I don't know the number of B-52 crewmen shot down then, because they only took the injured Americans to our camp. The attitude of our men was good. I talked to them the day before we moved out, preparing to go home, when they knew the agreements were going to be signed. I asked one young pilot—class of '70 at West Point—"How did your outfit feel when you were told that the B-52s were going to bomb Hanoi?" He said, "Our morale skyrocketed."
I have heard there was one B-52 pilot who refused to fly the missions during the Christmas bombing. You always run into that kind. When the going gets tough, they find out their conscience is bothering them. I want to say this to anybody in the military: If you don't know what your country is doing, find out. And if you find you don't like what your country is doing, get out before the chips are down.
Once you become a prisoner of war, then you do not have the right to dissent, because what you do will be harming your country. You are no longer speaking as an individual, you are speaking as a member of the armed forces of the United States, and you owe loyalty to the Commander in Chief, not to your own conscience. Some of my fellow prisoners sang a different tune, but they were a very small minority. I ask myself if they should be prosecuted, and I don't find that easy to answer. It might destroy the very fine image the great majority of us have brought back from that hellhole. Remember, a handful of turncoats after the Korean War made a great majority of Americans think that most of the POW's in conflict were traitors.
If these men are tried, it should not be because they took an antiwar stance, but because they collaborated with the Vietnamese to an extent, and that was harmful to the other American POW's. And there is this to consider: America will have other wars to fight until the Communists give up their doctrine of violent overthrow of our way of life. These men should bear some censure so that in future wars there won't be a precedent for conduct that hurts this country.
By late January of this year, we knew end of the war was near. I was moved then to the "Plantation." We were put together in groups by the period when we were shot down. They were getting us ready to return by groups.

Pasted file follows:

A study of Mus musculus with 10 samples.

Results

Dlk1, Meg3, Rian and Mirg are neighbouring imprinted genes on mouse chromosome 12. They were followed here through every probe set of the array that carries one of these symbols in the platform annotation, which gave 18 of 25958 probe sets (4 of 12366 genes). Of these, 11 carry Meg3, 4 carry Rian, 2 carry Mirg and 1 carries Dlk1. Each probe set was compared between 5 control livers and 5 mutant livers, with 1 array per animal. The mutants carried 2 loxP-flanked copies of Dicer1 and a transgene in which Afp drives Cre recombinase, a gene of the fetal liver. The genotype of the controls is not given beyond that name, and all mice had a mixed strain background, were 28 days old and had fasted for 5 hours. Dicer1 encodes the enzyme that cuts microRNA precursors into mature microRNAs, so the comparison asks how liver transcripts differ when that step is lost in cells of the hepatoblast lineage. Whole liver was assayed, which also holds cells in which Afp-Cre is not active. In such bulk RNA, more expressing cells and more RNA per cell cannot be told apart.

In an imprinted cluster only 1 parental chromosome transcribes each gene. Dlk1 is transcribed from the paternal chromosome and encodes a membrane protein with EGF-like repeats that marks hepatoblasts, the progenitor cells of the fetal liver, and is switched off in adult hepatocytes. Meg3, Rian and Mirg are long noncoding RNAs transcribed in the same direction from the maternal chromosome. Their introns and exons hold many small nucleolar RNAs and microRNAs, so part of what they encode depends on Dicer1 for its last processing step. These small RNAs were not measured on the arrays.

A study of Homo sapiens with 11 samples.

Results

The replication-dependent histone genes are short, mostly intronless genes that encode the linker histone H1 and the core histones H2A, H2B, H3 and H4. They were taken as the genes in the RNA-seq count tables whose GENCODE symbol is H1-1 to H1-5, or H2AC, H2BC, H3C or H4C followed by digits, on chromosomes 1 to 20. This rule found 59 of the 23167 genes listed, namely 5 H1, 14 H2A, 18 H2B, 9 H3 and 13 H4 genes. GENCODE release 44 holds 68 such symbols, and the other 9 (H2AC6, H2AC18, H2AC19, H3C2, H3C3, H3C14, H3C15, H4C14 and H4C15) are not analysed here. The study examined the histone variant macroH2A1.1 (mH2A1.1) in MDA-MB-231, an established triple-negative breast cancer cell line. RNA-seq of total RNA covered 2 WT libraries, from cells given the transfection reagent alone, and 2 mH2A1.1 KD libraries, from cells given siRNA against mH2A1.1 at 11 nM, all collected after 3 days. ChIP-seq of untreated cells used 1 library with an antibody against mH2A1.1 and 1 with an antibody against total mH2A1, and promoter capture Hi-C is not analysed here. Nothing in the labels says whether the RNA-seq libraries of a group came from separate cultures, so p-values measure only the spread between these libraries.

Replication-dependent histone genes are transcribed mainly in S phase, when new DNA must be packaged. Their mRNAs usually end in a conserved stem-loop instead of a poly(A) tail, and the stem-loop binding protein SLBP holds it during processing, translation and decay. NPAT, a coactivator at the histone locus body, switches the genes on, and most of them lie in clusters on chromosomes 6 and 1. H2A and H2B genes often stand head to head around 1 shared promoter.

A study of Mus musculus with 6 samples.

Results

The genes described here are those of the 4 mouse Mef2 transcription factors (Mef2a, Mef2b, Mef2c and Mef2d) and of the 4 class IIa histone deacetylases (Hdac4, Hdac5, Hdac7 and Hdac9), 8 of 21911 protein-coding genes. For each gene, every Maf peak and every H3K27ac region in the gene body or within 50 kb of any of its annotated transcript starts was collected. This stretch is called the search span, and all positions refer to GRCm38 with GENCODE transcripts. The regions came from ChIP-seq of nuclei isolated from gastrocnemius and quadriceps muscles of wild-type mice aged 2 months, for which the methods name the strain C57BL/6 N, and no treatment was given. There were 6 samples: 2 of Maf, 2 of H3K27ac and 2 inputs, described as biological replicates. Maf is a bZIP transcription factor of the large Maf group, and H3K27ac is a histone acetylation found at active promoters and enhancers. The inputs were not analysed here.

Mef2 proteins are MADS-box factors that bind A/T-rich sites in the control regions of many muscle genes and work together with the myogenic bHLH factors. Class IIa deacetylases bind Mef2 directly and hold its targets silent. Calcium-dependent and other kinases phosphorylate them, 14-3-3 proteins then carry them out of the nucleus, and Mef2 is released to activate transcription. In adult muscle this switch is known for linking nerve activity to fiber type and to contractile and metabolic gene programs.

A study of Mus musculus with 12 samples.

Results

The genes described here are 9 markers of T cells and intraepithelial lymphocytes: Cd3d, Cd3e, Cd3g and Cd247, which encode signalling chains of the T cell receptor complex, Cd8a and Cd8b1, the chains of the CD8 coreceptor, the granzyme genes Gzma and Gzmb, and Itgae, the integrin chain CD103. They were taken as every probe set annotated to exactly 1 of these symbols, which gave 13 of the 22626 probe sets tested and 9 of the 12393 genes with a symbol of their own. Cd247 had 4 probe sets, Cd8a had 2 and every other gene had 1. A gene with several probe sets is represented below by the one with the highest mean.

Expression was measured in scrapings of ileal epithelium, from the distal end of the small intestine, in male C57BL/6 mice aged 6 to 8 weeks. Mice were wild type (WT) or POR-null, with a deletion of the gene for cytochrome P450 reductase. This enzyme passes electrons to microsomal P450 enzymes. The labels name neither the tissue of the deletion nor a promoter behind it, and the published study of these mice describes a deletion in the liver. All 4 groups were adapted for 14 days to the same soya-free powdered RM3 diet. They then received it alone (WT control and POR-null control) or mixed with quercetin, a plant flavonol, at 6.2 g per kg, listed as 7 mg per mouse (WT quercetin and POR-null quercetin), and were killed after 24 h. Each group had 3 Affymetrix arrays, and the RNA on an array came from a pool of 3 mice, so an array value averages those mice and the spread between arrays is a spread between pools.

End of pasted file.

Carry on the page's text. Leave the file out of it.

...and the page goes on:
By the way—a very interesting thing—after I got back, Henry Kissinger told me that when he was in Hanoi to sign the final agreements, the North Vietnamese offered him one man that he could take back to Washington with him, and that was me. He, of course, refused, and I thanked him very much for that, because I did not want to go out of order. Most guys were betting that I'd be the last guy out—but you never can fathom the "gooks."
It was January 20 when we were moved to the "Plantation." From then on it was very easy—they hardly bothered us. We were allowed out all day in the courtyard. But, typical of them, we had real bad food for about two weeks before we left. Then they gave us a great big meal the night before we went home.
There was no special ceremony when we left the camp. The International Control Commission came in and we were permitted to look around the camp. There were a lot of photographers around, but nothing formal. Then we got on the buses and went to Gia Lam Airport. My old friend "The Rabbit" was there. He stood out front and said to us, "When I read your name off, you get on the plane and go home."
That was March 15. Up to that moment, I wouldn't allow myself more than a feeling of cautious hope. We had been peaked up so many times before that I had decided that I wouldn't get excited until I shook hands with an American in uniform. That happened at Gia Lam, and then I knew it was over. There is no way I can describe how I felt as I walked toward that U. S. Air Force plane.
Now that I'm back, I find a lot of hand-wringing about this country. I don't buy that. I think America today is a better country than the one I left nearly six years ago.